Let him who glories…
Whenever election time rolls around in a Western democracy, the public is treated to a bizarre spectacle — politicians strutting their stuff on the hustings catwalk, each one straining to convince voters that he (or she) is wearing the prettiest dress, that he has the right stuff to lead us ordinary folk to dizzying heights of financial and national security in the brave new world of the next few years. Each one presents himself — in the hope that you will be suitably impressed — as the archetype of pragmatic wisdom and thus the ideal choice as leader. Aren't you tired of such boastful self-promotion? What would you give to see a politician who takes Jeremiah 9:23-24 to heart?
Thus says the Lord: "Let not the wise man glory in his wisdom, let not the mighty man glory in his might, nor let the rich man glory in his riches; but let him who glories glory in this, that he understands and knows Me, that I am the Lord, exercising lovingkindness, judgment, and righteousness in the earth. For in these I delight," says the Lord.
Of course, politicians are no worse than the rest of us, really. We all tend to pride ourselves in our own wonderful attributes, whatever we may perceive them to be.
If we aspire to godliness, we must resist this temptation and consciously make the infinite glory of God our delight and focus. The question at hand is this: where do we see the divine exercise of “lovingkindness, judgment and righteousness”, which we can summarize under the heading “goodness and justice”, in the earth?
His “lesser attributes” of sheer power and intelligence are clearly displayed in the wonders of nature (Rom. 1:20); how can we “know and understand” His greater spiritual attributes? That question is not easy to answer in light of both experience and biblical testimony. Do we see a world in which truth and justice prevail, or a world in which
injustice and oppression are the rule? Do we see good people prospering and wicked people struggling? Does mankind as a whole enjoy blessings and prosperity? Scripture itself tells us that we are all subject to the vagaries of time and chance (Eccl. 9:11), that the wicked often prosper (Eccl. 8:14), that God has appointed times of adversity (Eccl. 7:14) and that Adam's transgression has brought death (and suffering) upon all mankind (Rom. 5:12).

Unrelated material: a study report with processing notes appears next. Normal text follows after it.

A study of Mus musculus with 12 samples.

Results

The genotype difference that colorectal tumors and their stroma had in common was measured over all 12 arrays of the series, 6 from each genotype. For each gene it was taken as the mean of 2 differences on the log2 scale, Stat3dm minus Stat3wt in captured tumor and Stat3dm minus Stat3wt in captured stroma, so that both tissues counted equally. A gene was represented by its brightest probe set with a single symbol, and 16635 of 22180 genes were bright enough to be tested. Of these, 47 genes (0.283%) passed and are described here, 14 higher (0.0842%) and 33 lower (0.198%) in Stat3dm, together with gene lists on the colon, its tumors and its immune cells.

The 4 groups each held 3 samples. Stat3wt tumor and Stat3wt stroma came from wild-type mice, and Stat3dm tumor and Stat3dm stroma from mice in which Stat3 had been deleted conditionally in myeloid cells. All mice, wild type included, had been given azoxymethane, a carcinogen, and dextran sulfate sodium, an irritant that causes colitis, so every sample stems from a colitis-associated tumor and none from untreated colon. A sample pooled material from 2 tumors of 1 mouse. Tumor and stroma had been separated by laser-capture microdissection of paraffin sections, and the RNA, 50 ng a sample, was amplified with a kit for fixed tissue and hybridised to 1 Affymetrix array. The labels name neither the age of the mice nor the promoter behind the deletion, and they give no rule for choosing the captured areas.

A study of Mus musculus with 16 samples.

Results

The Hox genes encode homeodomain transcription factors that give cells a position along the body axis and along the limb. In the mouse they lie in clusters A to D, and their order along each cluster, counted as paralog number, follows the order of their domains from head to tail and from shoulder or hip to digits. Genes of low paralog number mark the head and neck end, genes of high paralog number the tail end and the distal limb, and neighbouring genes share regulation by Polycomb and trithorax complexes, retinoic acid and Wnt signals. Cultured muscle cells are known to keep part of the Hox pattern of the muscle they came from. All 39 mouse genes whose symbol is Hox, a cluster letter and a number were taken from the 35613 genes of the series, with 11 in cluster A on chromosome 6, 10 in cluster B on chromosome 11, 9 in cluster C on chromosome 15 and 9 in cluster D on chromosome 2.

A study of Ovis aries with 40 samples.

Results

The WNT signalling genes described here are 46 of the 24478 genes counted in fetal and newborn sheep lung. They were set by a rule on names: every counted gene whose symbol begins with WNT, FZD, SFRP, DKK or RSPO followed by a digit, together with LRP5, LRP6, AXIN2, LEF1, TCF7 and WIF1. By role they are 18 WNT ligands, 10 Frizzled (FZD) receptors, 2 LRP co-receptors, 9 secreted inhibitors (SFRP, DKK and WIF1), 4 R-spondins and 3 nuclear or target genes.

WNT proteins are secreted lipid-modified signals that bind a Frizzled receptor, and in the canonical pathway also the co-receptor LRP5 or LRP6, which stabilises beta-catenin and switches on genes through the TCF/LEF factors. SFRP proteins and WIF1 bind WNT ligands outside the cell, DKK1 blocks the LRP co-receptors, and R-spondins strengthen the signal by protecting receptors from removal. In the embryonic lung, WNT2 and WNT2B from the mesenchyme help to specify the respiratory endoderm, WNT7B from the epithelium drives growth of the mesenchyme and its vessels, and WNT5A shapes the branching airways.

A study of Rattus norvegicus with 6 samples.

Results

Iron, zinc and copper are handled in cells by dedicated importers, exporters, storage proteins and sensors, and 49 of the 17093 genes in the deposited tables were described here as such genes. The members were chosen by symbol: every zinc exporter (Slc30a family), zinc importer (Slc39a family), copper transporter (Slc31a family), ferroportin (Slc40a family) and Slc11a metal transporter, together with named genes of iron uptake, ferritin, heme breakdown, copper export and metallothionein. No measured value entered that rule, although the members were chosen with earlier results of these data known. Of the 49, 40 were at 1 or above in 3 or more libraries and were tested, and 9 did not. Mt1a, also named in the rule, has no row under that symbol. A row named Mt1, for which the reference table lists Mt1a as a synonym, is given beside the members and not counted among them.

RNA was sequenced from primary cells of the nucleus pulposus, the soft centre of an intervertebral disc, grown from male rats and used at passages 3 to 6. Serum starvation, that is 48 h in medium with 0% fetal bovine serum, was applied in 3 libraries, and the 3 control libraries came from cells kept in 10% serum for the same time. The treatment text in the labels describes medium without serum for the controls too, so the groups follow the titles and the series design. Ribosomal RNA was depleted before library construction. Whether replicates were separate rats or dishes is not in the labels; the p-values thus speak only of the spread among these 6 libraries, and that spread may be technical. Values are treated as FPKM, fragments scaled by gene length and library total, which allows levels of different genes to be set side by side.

Where oh where in all of this do we see evidence of the exercise of goodness and justice by God? Undoubtedly the answer lies in seeing Jeremiah's words as promissory for the future. Prophecy often speaks of future acts of God in the present tense, possibly because it's so certain it's as if it's already happening. Isaiah 42:4 tells us,
He will not fail nor be discouraged, till He has established justice in the earth.
These words are grounded in a simple truth — justice is not currently established; most of mankind is weighed down by misery and hardship as a result. The godly cope in this evil world by clinging to Isaiah's assurance of a new age of peace and prosperity — and justice — when He will,
… pour contempt on princes, and cause them to wander in the wilderness where there is no way; [and will] set the poor on high, far from affliction (Ps. 107:40-41).
As a result,
The righteous see it and rejoice, and all iniquity stops its mouth. Whoever is wise will observe these things, and they will understand the lovingkindness of the Lord (vss. 42-43).
The righteous and the wise see God's future exercise of goodness and justice in their mind's eye and delight themselves in knowing and understanding the awesome truth about the infinite goodness of God. Wait for it. It will be revealed.